I am now interested in stepping it up a notch. I am going to buy a new cpu and start building a better system. I would like to use Netflix streaming, HULU, TV Tuner, etc. I will have Win 7 on my new cpu.
My question is, should I abort the HR-20 and get something else like a networked BlueRay or PS3? I am just confused because I haven't been able to find any sites that discuss building a nice PC to TV Setup (lots of old stuff on how to feed old PC directly to TV). I would probably keep the HR-20 if I thought I could resolve the issue of not being able to RW or FF AND if I could work Netflix in with it somehow through WIN7 and/or Tversity. I know this is a mess but I would appreciate any advice on how to build this out for someone who is looking to have a nice setup.
Posted 13 November 2009 - 03:13 PM
Posted 13 November 2009 - 04:06 PM
Posted 13 November 2009 - 07:52 PM
Posted 14 November 2009 - 09:38 AM
Most "Home Theater In a Box" (HTIB) systems have very limited connectivity, so you might have to shop around to find something with exactly the connections you need, and thus you'd need to know *exactly* what connections you need for all components you might need, now and in the near future. Limited connectivity is one of several things you have to live with if you go with a lower-priced "all-in-one" solution.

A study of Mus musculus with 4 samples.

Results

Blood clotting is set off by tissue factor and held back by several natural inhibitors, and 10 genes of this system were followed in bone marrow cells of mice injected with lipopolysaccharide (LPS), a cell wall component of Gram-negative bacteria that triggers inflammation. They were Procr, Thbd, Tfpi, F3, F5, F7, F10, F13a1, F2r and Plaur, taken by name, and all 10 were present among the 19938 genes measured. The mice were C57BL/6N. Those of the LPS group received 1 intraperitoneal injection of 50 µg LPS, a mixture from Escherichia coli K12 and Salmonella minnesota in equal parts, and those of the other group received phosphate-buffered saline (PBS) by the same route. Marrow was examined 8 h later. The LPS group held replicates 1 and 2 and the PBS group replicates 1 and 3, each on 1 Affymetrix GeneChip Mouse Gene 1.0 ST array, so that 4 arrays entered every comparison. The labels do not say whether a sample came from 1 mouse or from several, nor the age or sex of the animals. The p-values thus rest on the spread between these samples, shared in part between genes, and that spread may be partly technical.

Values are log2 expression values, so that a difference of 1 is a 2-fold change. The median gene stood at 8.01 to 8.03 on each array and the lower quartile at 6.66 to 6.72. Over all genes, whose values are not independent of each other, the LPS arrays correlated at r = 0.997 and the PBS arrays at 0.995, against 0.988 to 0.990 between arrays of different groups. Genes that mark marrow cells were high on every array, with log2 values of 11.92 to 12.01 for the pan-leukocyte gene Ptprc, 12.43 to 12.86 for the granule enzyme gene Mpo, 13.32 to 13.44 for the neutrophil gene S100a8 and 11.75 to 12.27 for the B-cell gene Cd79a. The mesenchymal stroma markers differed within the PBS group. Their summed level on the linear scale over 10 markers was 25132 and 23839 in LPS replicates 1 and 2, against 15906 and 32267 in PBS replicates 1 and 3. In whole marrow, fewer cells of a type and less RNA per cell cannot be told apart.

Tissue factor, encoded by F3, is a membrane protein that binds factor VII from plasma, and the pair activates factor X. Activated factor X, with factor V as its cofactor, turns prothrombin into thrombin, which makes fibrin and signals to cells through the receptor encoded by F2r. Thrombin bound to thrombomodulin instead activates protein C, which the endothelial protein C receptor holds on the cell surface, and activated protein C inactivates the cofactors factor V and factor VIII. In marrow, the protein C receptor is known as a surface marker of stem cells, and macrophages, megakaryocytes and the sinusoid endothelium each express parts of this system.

More sophisticated surround sound setups will generally use at least an A/V receiver with separate speakers, and mid-to-upper models will have multiple inputs, including HDMI and component, and can pull HD audio out of the HDMI stream. Obviously this type of system is considerably more expensive at $500-$2000+ just for the A/V receiver, but it solves all of the problems you're talking about.
If you're looking at A/V receivers, note that lower-end models only do HDMI *switching*, meaning that while they will allow multiple HDMI connections to be switched to the TV, the A/V receiver has no access to the actual HDMI data stream, so it can't get to the audio that way, and must be connected via optical or coax and limited to non-HD audio codecs. Higher-end models can pull the audio out of the HDMI stream and support the HD audio codecs, including 7.1 PCM (uncompressed).